Spatula, Spoon and Saturday

Eating and Cooking all the things in Melbourne

Japan Food Review: Our Tokyo Breakfast Adventures

We arrived Narita early in the morning very tired after a restless flight. Here we were, finally, in Japan! I totally harboured secret Japan-lust for a very long time. Okay, so it wasn’t really a secret.

We were starving and after we booked ourselved a tiny (seriously tiny, tiny as in 1.5m x 2.5m) room in a backpacker’s hostel. We were desperately tired, jet lagged and really needed sleep so we decided that we weren’t up for a proper meal and took a short walk around the area to look for a supermarket or a convenience store. We later found out that Japan wasn’t that big on eating breakfast outside. So there wasn’t really anywhere we could get breakfast anyway (other than at the accomodation which were always unduly expensive)

Our first meal in Japan consist of (left to right) Japanese-style potato salad, nigiri-zushi, grilled salmon bento, and pumpkin and sweet potato tempura. All cold. All delicious!

The potato salad was creamy and mildly flavoured. It was basically mashed potato flavoured with (I thought) Japanese mayonaise, rice vinegar and a little salad oil. It also had the usual ham, carrot and cucumber dices in it. Hard to imagine if you have never tried it. I also saw it as a sandwich filling.

I saw the sashimi and sushi counter and thought well how could we have arrived in Japan and not try sushi! This was a pick-your-own kinda sushi counter. I had some doubts about supermarket sushi (and we weren’t in the best area of town) so I only picked out the three most familiar sushi – the salmon (sake), tuna (maguro) and prawn (ebi). They were amazingly fresh and yummy. Who would have thought? Or maybe we were just hungry?

I also got a grilled salmon bento which came with a few other Japanese-style sides (boiled vegetables, konyakku jelly, umeboshi, pickled diakon, potato salad etc.) all placed on top of sticky Japanese rice. We also got pumpkin and sweet potato tempura. The choices were startling. I should have taken some pictures of the tempura/fried goodies selection! Everything was a hit and miss of course. My Japanese was not up to scratch. We bought most of the things blind – sometimes things turned out to be not what we expected at all. But that’s the adventure!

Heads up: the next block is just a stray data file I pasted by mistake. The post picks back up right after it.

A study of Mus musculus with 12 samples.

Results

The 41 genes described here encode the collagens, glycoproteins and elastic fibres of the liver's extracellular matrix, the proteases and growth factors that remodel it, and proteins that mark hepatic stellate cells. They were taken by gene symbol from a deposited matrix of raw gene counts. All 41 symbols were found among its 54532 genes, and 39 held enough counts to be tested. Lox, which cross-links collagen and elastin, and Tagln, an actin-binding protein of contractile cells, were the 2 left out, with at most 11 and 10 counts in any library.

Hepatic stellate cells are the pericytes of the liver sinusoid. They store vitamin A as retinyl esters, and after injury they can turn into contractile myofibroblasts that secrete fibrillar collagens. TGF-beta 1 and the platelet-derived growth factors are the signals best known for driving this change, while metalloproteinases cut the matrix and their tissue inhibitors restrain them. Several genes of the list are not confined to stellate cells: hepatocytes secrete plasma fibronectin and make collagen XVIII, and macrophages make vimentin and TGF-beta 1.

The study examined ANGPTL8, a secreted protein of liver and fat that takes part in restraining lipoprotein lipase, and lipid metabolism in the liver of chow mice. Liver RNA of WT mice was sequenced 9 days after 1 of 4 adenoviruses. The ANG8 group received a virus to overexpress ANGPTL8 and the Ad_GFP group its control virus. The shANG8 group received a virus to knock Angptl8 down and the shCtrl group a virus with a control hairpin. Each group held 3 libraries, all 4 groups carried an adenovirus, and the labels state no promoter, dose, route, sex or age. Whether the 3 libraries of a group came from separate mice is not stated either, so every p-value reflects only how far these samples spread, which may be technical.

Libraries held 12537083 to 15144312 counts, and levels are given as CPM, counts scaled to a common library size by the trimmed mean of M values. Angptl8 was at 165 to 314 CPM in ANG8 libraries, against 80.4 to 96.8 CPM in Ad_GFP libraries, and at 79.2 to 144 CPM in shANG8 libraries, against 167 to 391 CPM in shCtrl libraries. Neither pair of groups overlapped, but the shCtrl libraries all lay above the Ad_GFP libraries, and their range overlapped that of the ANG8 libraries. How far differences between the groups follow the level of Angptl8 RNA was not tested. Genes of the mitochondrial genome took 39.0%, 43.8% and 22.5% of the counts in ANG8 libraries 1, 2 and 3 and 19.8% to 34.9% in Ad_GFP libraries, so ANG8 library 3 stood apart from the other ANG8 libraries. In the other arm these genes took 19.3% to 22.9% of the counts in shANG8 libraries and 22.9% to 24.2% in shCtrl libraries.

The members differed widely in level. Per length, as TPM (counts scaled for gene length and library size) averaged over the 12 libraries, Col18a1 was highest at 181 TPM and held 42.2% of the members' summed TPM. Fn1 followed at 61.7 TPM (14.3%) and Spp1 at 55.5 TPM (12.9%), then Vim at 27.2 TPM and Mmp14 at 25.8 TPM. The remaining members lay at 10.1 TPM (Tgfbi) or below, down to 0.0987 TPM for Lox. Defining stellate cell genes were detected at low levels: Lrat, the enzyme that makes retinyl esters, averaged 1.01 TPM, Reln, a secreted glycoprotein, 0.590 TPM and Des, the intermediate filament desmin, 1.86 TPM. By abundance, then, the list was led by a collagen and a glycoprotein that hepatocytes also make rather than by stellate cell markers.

The next day, after being thrilled by our first experience, we decided to hit our local 7-Eleven for some onigiri and some pasta salad. What a find! From that day, almost everyday, I had two convenience store onigiri for breakfast. Each of the chain convenience store (7-Eleven, Lawson, AM/PM, etc.) had their own brand of onigiri. None of them hadEnglish labels. Some had vague, often unidentifiable pictures. So again the hit and miss factor. My favourite fillings were chicken karaage and mentaiko with mayonaise (I am such a fan of Japanese mayo!). Josh amazingly enough fell for the mentaiko as well (I suspect that he didn’t really know what it was). I didn’t really like the umeboshi and it was easy to stay from them because they were usually the cheapest one.

I liked the supermarket tempura so much, I went back for more. They were about 100 yen a piece. I wondered how they manage to stay crispy even though they would have been made at least an hour ago. There was no sauce though. I bought a little tiny bottle of sauce (which I thought was tempura sauce) but it turned out to be your ordinary Japanese shoyu.

I also discovered a little shop front nearby selling amazingly cheap bento (around 250-300 yen). The grilled salmon was very rubbery but the katsudon was very yummy.

I also bought these little cups of what I thought to be milk pudding type dessert, but they turned out to be yoghurt, which I had to eat with chopsticks. I didn’t like them very much so I left two of them in the communal fridge. I have a scary thought that they might actually still be there!

God, how I miss those convenience store onigiri!